Surgeons on the medical staff at The Heart Hospital Baylor Plano performed the hospital’s 1,000th robotic surgery six years after initiating the program in 2011. The robotic-assisted cardiac and thoracic surgery uses minimally invasive techniques to reduce the size of incisions and increase efficiency.
The hospital’s cardiothoracic robotic program leads Texas in its number of cardiothoracic robotic operations, according to the maker of the robotic-assisted technology. Cardiovascular and thoracic procedures performed with the robotic surgical system at Baylor Plano include coronary artery bypass grafting, heart valve repair, and all thoracic surgical procedures.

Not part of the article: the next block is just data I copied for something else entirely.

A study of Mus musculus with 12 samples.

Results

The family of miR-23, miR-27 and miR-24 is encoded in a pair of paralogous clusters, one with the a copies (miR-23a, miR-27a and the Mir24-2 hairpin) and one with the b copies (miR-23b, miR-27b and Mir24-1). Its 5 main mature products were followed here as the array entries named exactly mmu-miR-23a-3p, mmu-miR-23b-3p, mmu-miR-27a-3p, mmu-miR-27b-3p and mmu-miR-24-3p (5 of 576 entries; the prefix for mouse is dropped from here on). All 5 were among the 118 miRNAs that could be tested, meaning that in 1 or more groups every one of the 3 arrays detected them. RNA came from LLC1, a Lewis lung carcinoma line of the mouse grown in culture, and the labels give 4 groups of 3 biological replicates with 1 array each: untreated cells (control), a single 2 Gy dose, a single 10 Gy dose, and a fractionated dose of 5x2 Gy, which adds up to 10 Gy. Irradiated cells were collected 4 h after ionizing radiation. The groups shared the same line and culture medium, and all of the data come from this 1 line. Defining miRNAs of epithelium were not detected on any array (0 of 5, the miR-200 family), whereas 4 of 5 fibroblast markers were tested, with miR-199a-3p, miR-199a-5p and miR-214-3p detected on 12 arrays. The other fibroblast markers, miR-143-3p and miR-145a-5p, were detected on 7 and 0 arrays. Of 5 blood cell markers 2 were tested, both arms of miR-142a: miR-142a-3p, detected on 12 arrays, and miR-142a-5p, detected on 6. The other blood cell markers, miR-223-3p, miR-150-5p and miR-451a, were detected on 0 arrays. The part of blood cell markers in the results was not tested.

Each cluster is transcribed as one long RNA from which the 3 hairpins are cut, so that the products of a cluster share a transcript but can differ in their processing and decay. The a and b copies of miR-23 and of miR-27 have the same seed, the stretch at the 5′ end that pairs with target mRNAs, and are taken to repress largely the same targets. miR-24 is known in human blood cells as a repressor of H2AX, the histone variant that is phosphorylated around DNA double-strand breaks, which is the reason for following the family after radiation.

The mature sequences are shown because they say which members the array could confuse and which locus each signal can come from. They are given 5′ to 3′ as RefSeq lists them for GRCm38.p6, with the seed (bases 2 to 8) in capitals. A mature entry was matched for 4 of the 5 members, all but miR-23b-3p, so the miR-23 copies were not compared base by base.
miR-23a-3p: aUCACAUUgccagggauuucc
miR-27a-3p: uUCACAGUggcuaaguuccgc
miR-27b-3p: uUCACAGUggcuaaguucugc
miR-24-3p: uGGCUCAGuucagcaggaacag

According to Baylor Plano, benefits to using the robotic-assisted surgery system may include greater surgical precision, increased range of motion, improved agility, enhanced visualization, and improved access to the surgical site. The system integrates 3-D, high-definition endoscopy, and four robotic arms that wield cameras and equipment into the field, all controlled from a console by a trained surgeon on the medical staff.
Dr. Kimble Jett, medical director of thoracic surgery, believes robotic-assisted surgery has several benefits.
“If we take out a lobe of the lung robotically, most patients go home the next day,” Jett said. “Using the robotic-assisted surgical system, we can significantly reduce the trauma to the body that is associated with open chest cardiothoracic procedures. Having this technology allows surgeons to be less invasive, usually resulting in quicker patient recovery. It’s truly a win-win.”